WAEM Town Offers Hope to Rural Communities

 

LOUISVILLE, MS – “This process is one of the best I’ve seen,” said long-time planning consultant John McClure. Columbus Mayor Robert Smith echoed those remarks. “Most of the time, we attend workshops where all we do is sit around listening to presenters,” said the mayor. “But this was hands on, and required teamwork, and I enjoyed it.” Mayor Smith also recommended
that government officials from all levels attend future workshops.

The focus of these comments was the first WAEM Town Designing Our Future Workshop. Thirty-nine civic and community leaders from the West Alabama - East Mississippi (WAEM) region joined experts from Alabama and Mississippi to delve into practical planning and problem solving for rural communities. The highlight of the program, as noted by Mayor Smith, was the presentation of drawings, charts, goals, and vision to re-design and redevelop a hypothetical rural town; work product that resulted from the intensive hands-on work of the participants.

Highly participatory, the workshop also includes lectures, case-study presentations and interactive group problem solving. “It is a direct response to the uncertain future of Mississippi and Alabama small towns,” said workshop leader Cheryl Morgan, director of Auburn’s Urban Studio in Birmingham, AL. “It is a future increasingly threatened by large scale changes in our economy, population shifts, telecommunications and mass merchandising, and changes in land policy.” Planning and design decisions can often make the difference between survival and decay for rural communities.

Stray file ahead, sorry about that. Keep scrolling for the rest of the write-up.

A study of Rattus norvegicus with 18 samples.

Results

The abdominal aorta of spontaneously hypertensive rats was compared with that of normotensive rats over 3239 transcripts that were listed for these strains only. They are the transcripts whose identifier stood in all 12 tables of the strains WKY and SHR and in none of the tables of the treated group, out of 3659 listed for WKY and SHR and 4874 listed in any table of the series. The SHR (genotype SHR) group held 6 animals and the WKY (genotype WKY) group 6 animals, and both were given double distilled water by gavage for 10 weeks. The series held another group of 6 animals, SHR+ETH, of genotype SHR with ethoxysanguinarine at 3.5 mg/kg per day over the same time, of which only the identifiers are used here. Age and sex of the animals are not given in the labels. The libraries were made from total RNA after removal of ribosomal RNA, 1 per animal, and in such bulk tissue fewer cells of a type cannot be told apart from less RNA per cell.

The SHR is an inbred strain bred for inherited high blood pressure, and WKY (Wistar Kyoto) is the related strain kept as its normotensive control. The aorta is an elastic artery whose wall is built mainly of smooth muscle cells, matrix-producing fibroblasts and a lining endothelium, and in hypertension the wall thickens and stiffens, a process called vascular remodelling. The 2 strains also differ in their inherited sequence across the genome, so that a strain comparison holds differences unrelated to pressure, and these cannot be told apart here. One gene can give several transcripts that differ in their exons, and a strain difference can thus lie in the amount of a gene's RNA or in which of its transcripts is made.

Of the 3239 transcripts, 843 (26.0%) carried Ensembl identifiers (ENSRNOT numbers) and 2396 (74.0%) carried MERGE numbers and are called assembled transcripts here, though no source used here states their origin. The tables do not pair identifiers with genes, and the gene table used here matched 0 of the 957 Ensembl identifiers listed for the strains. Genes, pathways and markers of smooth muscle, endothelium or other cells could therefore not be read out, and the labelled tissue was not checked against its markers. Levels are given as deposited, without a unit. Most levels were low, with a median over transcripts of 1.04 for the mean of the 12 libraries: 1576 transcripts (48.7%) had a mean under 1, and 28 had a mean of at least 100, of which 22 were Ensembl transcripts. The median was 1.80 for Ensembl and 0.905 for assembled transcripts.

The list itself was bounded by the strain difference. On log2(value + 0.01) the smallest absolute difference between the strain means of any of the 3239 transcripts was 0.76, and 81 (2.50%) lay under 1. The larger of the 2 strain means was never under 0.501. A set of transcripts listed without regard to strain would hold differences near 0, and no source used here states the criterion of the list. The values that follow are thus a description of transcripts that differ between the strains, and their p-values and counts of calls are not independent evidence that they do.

“Communities do die,” said Bill Crawford, director of the WAEM Regional Initiative that sponsored the three-day workshop. He pointed to hundreds of communities that became extinct during the past 200 years in Mississippi. “Jack Shultz, author of Boom Town USA, says only one out of three rural communities may survive the 21st Century,” he said.

Designing Our Future, held at Lake Tiak O’Khata, October 22-24, 2008, targeted leaders in the WAEM Initiative region. Funded by the U.S. Department of Labor, the workshop was based on a program that has been practiced by Your Town Alabama for the past ten years.
“I have learned a tremendous amount,” said Carolyn Ward of the West Point/Clay County Community Growth Alliance. “I work mostly in the [planning] office with support staff and never had a good understanding of how it all came together, so this has been instrumental for me.”